Astronomy is an observational science. Ultimately all information we gain about the Universe stems from photons that are collected by telescopes. Therefore, observations are a core part of astronomy teaching. We train astronomy students from first year onwards in the use of telescopes. With every year, students gain experience and get to use larger and more powerful telescopes. This is the St Andrews telescope hierarchy:
Our smallest telescope – a Meade ETX80, an achromat refractor with 8cm lens. This may look like a toy, but it is a computerized toy with great optics and very compact size. Galileo would have killed for a telescope like that. In addition to two of these, we also have an antique brass refractor of similar size. These scopes turns the Moon into a landscape and Jupiter to an alien world. They are available for students from 1st year onwards.
This is the Meade 10″ telescope, one of the two permanently installed telescopes in the Napier building. It’s one of many telescopes with Schmidt-Cassegrain optics at the observatory, we also have a 16″ and two 8″. Our Meade 10″ and 16″ are about 20 years old, but true workhorse telescopes – convenient, robust, and versatile. They can be used with an eyepiece, with standard digital cameras, or with CCDs. From 2nd year onwards, students can learn how to use them.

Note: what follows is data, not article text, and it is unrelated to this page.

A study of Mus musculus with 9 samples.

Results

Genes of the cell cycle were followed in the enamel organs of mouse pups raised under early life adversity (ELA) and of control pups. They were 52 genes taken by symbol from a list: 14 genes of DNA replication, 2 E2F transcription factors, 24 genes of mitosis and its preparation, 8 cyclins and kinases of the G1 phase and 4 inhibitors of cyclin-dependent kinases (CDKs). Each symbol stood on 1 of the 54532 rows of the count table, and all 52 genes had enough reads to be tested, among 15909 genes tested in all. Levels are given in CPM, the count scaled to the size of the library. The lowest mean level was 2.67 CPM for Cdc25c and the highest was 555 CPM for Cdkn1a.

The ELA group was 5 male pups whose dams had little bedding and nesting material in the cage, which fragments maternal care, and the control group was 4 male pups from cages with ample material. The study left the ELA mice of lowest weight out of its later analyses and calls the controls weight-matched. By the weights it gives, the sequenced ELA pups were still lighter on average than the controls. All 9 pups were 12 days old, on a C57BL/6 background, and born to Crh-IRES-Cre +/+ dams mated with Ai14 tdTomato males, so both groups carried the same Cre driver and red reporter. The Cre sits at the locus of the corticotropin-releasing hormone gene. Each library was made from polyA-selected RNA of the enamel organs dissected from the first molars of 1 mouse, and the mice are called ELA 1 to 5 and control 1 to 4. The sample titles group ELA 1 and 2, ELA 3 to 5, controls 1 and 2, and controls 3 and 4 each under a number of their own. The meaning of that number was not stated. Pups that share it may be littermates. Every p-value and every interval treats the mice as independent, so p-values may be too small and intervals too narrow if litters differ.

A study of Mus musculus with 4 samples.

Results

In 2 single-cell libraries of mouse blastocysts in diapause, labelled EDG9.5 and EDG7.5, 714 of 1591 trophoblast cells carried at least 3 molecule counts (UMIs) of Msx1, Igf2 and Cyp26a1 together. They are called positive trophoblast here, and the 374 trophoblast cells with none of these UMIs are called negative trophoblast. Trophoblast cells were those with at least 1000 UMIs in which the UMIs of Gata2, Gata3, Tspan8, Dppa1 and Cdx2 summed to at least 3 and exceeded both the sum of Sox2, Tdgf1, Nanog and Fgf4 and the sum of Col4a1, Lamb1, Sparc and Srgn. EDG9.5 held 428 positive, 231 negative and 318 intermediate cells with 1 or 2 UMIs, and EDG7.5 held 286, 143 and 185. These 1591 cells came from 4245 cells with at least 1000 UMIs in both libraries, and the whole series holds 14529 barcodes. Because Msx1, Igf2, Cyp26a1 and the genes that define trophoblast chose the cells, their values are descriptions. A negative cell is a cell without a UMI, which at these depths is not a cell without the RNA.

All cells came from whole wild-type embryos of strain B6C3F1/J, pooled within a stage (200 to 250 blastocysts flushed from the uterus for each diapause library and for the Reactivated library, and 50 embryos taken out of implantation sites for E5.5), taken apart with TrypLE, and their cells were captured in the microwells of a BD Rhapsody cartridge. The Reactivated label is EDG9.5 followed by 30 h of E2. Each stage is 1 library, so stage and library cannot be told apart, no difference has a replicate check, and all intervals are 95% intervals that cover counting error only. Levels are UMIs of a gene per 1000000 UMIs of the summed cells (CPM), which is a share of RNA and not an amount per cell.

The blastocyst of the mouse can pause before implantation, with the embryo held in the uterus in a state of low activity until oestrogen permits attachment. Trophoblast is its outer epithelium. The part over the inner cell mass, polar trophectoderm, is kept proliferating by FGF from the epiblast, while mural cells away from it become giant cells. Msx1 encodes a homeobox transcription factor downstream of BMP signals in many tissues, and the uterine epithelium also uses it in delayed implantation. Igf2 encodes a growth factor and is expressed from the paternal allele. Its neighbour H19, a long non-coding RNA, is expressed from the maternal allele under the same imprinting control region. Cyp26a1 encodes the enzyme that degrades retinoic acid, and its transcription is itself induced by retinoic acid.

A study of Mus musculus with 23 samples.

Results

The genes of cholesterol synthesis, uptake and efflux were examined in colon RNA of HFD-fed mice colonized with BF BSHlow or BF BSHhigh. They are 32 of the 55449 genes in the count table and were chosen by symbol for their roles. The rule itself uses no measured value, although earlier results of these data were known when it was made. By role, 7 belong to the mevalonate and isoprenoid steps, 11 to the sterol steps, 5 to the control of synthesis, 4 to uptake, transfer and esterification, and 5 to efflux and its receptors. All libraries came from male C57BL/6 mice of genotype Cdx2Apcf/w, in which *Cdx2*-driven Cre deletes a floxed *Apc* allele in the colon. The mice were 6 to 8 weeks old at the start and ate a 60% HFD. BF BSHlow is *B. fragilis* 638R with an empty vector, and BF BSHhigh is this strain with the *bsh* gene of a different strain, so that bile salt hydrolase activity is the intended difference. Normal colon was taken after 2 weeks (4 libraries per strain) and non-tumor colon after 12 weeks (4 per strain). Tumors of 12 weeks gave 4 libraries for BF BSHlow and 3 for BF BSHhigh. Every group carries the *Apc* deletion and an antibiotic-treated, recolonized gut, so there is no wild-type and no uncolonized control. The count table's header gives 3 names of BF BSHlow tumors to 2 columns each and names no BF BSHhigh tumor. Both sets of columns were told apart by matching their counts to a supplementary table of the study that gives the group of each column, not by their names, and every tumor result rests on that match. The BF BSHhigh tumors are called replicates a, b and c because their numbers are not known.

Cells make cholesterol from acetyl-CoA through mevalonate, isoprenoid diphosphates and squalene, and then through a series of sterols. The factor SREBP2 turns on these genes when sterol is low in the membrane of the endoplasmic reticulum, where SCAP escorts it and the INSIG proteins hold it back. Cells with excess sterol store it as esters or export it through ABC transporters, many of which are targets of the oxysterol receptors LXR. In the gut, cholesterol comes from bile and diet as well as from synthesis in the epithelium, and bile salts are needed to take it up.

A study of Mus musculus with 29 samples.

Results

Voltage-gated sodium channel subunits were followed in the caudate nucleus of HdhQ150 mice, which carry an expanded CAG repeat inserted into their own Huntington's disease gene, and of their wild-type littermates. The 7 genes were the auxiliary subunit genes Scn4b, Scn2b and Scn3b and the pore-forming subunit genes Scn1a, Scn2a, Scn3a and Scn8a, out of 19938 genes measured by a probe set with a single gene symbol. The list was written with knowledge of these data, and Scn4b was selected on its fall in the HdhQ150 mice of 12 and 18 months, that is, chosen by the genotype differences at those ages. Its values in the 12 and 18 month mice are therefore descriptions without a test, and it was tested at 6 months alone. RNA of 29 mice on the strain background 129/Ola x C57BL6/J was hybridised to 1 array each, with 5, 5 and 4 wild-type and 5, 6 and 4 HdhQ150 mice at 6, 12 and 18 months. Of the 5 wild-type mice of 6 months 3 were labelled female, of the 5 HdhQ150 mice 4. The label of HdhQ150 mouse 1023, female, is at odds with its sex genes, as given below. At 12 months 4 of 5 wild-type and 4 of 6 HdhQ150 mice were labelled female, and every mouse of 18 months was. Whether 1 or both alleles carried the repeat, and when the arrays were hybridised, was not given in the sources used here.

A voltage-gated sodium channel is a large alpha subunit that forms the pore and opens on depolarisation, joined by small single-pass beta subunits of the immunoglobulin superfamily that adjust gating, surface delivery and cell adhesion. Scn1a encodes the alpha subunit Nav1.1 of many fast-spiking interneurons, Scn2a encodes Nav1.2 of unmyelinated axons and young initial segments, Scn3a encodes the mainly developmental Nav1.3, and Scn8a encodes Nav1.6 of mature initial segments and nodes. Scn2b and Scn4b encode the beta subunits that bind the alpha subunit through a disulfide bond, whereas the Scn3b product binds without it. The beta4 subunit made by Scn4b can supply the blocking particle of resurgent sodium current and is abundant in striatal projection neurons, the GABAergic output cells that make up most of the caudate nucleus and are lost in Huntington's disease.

The James Gregory Telescope is the 2nd Schmidt-Cassegrain ever built and to this day the largest of its kind in the world. Today the JGT is mostly a training telescope that does research. The JGT is unique, a big research grade telescope on campus, just 10 minutes walk away from town. Astronomy students in St Andrews will meet the JGT in their first weeks at the university. The telescope is also featured in lots of science and non-science courses around the university. In 4th year, the JGT provides data and observing experience for honours astro students in a course called Observational Astrophysics. Every year we offer final year projects for undergraduate students that include observing with the JGT. The JGT is part of our postgraduate observing training, that also includes lectures and an observing run at Teide Observatory in Tenerife.